Jakarta (AFP) May 15, 2006
Iranian President Mahmoud Ahmadinejad warned Thursday that Israel will "one day vanish," ramping up the stakes in the midst of frantic international diplomacy over Tehran's nuclear ambitions. In speeches to students in Jakarta, he shrugged off the threat of sanctions or even war and accused the West of peddling lies and oppression.
"This regime one day will vanish," Ahmadinejad said of the Jewish state in comments that echoed previous statements, in which he said Israel should be "wiped off the map" and also questioned the Holocaust.
"Is it logical to give compensation in the Middle East for an incident that occurred in Europe, if this incident is indeed true ... by murdering thousands of local Palestinians and making millions of Palestinian refugees?" he asked.
Nevertheless, the head of the UN nuclear watchdog IAEA, Mohamed ElBaradei, said he felt "a good sense of optimism" about diplomacy to resolve the crisis over Iran's nuclear program.
"I think it is a very good idea for the Security Council to hold their horses, so to speak," he told a press conference during a visit to Amsterdam.
"The more we go back to the negotiating table, the more we have a chance at a durable solution."
Iran says its nuclear programme is a peaceful drive to generate electricity but the United States and Europe fear it is a cover for the secret development of atomic weapons.
On Wednesday Washington, which has so far failed to win support for UN sanctions against Tehran, said it would give its European partners "a couple of weeks" to draft a fresh approach.
Negotiators from the Security Council's five permanent members -- Britain, China, France, Russia and the United States -- plus Germany plan to confer in London on May 19 to weigh a new package of incentives, diplomats said.
They will also consider what penalties to seek if Iran does not comply with UN demands.
"I am very optimistic and I hope both sides will move away from their war of words ... we need compromises from both sides," ElBaradei said.
He said Tehran "owes it to the international community to make sure their nuclear programme is for peaceful means."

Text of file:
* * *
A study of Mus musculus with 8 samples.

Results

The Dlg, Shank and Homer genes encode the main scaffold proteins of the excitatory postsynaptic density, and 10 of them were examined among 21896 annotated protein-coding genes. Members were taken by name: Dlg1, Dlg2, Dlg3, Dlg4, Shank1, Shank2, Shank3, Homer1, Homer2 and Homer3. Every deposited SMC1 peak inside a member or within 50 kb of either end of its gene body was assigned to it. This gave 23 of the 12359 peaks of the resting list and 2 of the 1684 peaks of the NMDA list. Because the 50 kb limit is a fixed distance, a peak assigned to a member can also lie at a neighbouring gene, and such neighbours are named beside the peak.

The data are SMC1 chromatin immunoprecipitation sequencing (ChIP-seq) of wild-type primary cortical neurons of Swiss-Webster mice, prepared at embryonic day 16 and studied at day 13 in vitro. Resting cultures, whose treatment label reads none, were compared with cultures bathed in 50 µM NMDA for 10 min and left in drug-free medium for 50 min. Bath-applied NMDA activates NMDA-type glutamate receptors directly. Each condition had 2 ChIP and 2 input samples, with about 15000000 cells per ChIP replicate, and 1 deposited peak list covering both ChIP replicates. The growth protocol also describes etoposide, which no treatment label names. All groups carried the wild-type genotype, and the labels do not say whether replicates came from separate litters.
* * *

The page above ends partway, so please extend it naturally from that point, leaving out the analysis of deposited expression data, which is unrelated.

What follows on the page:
The United States and European Union troika of Britain, France and Germany are pushing for a binding UN resolution that could clear the way for economic sanctions, possible escalating toward military action.
They are meeting resistance from China and Russia, however, which both have close economic ties with Iran.
Igor Ivanov, the head of Russia's Security Council, described the talks as "fairly complicated," and warned that military action could ignite the whole region.
"Any military action in Iran will lead to consequences that could seriously explode the situation in the region and beyond," he was quoted as saying by state-run news agencies.
US Secretary of State Condoleezza Rice said Wednesday the Europeans would present Tehran with two options: defiance leading to international isolation or "a path to a civil nuclear programme that is acceptable to the international community."
Ahmadinejad, who is on a five-day visit to Indonesia, told Metro TV that any military action against Iran would hurt its attackers more than Tehran.
"First of all, actually, the idea of going to war is a joke, it's like a joke. Why should there be a war?" he asked.
"They do know that any mistreatment of the Iranian people will actually cause more losses to them than for us. They need us more than we do actually need them. This is just rhetoric."
Separately, the influential head of Iran's hardline parliament reiterated that Tehran would not give up uranium enrichment, the process which makes the fuel for reactors but what can also be the core for an atom bomb.
Gholam Ali Hadad-Adel, who is close to Iran's supreme leader Ayatollah Ali Khamenei, was quoted by news agencies as saying the Islamic republic "will in no way accept a suspension of enrichment."
And a nuclear spokesman said Iran was prepared to negotiate an anticipated European offer aimed at cooling the crisis, but would not suspend enrichment.
"For the moment we have received no offer (from the Europeans) but because Iran believes in a diplomatic solution, we believe that such a proposition can be taken into consideration and negotiated," Hossam Entezani was quoted by the semi-official Mehr news agency as saying.
He added that in "any offer, particularly one from Europe, suspending Iran's basic rights of uranium enrichment research is not acceptable."
Indonesian President Susilo Bambang Yudhoyono, who met Ahmadinejad on Wednesday, backed Tehran's claim that its nuclear program was peaceful and also offered to help mediate in a bid to reduce rising tensions over the program.
But on Thursday Indonesia appeared to back down from the proposal, with Foreign Minister Hassan Wirayuda saying that "we did not claim that we offer mediation on Iran's nuclear issue."
"We suggested to Iran to maximise their effort to solve the problem of the Iranian nuclear issue through diplomatic and peaceful negotiations. I think Iran accepted that Iran as well as other countries councerned should try to settle this issue through negitiations," Wirayuda said.
In Beijing, a Chinese foreign ministry spokesman said the stand-off was now at "a critical moment," and called for fresh diplomatic efforts.
He warned, however, that "China is opposed to arbitrarily resorting to the use of sanctions or the use of force in international affairs."
Source: Agence France-Presse
Iran to reject any offer to halt nuclear programme: Ahmadinejad
Tehran, (AFP) May 14, 2006
Iran's hardline President Mahmoud Ahmadinejad said Sunday that Tehran will reject any new deal offered by European powers in order to halt the Islamic republic's nuclear activities. "Any offer which requires us to halt our peaceful nuclear activities will be invalid," Ahmadinejad was quoted as saying by the state news agency IRNA.